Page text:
In Defense of the African Union
An article by Abdul Mohammed posted in today’s Sudan Tribune defends the AU against those who have criticized or demeaned the AU. For more than two years, we have heard a chorus of complaints that the AU is inadequate, incompetent, or biased, both in its peacekeeping mission and its diplomatic efforts. The criticisms need to be taken seriously. But the AU and its role need to be assessed objectively–and there is much to defend.
Abdul Mohammed’s argument is that the AU stepped into Darfur at a time when no-one else–including the UN–was ready to do so. In taking on the mission of monitoring the Ndjamena Humanitarian Ceasefire it was accepting “mission impossible” because the agreement was incomplete in vital respects. In taking on the mediation effort it was accepting an impossible challenge, because neither the government nor the rebels were ready to negotiate in good faith, and western governments conducted their own parallel negotiations with Khartoum and the armed movements, undermining the autonomy and credibility of the AU.
Most importantly, the whole international debate about bringing the UN to Darfur was conducted at the expense of the AU. It was a slow but devastating drip, drip of condescension.
Did the armed groups that attacked the AU military group site in Haskanita feel that no-one would stand up in defense of the AU, and therefore they had complete impunity?
In addition, I would like to add my own brief commentary.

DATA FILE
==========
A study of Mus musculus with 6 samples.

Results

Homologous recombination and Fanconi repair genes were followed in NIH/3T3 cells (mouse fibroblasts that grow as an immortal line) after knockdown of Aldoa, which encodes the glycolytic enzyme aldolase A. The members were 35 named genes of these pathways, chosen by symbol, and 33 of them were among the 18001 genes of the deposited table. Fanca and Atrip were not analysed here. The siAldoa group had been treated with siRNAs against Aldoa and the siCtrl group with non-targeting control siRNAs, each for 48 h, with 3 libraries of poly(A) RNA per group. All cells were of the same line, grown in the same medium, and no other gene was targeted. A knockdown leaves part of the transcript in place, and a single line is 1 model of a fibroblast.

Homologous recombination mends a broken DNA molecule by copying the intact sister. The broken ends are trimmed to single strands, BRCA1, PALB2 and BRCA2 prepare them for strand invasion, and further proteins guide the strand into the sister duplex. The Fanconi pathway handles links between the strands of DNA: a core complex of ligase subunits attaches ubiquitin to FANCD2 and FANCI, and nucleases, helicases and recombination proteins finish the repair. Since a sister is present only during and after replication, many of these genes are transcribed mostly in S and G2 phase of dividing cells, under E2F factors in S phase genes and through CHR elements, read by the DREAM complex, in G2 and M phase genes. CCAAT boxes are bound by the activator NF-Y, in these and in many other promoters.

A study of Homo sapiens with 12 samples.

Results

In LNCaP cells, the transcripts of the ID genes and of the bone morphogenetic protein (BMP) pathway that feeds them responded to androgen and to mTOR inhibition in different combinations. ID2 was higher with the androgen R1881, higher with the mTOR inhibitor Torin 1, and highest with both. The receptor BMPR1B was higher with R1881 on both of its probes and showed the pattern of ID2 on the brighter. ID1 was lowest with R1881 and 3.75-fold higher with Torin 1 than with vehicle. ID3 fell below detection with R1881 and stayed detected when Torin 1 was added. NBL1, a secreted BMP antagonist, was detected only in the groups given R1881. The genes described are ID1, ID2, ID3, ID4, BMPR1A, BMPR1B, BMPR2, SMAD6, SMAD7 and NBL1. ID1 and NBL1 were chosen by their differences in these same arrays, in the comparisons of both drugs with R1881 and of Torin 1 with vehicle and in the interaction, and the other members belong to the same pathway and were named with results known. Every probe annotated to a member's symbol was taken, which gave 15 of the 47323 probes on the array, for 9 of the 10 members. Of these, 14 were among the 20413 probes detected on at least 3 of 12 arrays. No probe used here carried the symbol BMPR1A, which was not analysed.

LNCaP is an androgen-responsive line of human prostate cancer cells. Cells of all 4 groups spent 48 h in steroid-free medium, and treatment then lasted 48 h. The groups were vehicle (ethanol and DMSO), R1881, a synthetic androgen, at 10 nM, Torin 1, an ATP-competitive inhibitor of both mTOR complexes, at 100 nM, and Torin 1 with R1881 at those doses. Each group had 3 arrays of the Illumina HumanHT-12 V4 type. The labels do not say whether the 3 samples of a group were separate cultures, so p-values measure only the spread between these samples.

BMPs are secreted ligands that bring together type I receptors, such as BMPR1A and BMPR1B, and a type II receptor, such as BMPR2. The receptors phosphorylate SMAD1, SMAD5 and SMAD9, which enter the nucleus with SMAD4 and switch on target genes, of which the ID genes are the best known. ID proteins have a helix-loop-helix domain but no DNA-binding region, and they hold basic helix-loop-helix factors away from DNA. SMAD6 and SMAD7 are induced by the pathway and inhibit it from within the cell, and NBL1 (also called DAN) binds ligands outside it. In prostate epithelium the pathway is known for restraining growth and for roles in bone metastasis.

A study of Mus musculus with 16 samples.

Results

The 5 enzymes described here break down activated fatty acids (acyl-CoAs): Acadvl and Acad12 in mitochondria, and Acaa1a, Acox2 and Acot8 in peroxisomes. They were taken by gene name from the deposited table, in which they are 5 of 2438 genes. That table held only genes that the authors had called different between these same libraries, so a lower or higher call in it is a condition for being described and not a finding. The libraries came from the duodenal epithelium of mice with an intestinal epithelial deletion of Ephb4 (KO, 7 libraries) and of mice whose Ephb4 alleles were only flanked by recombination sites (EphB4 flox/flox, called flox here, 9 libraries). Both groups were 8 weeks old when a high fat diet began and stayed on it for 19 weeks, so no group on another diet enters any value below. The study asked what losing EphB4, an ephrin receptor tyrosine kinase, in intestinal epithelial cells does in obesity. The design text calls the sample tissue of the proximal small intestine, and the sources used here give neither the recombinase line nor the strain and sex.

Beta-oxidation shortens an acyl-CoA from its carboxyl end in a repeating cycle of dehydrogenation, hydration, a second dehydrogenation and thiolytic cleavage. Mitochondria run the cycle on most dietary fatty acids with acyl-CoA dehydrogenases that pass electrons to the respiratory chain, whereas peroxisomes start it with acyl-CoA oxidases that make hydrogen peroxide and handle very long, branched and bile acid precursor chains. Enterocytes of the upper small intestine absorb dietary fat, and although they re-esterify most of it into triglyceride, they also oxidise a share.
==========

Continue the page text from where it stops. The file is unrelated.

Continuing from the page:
I am deeply shocked by the attack at Haskanita. It is a criminal act. It is inexcusable.
The assault was one of very few instances in history in which there has been a clearly-planned and premeditated attack on international peacekeepers. Most instances in which peacekeepers are killed occur in the context of coercive operations, such as the Pakistanis who tried to disarm General Mohamed Farah Aidid’s militia in Mogadishu, or are the outcome of error and miscalculation by either peacekeepers or belligerent parties, or both, in the heat of the moment. The murderous attack at Haskanita puts the attackers in the same select category as the Rwandese soldiers who slaughtered 13 Belgian peacekeepers in cold blood in Kigali in April 1994, in one of the first acts of the Rwanda genocide. That observation speaks for itself.
From the outset, the principal culprits have been clearly identified as members of the Darfur armed movements. There is not yet complete clarity on which individuals and groups were involved in the two attacks on Saturday night and Sunday morning, but enough is known to be able to point the finger with certainty at the rebels. This is an immense moral comedown.
Darfur’s moral and political landscape is changed in the aftermath of this crime. It will have repercussions on the prospects for peace and for peacekeeping. The leadership of the armed movements faces a huge challenge in restoring its credibility. The government, meanwhile, is happy with the confusion that has overtaken both the rebels and their foreign sympathisers.
I will write more on this topic soon.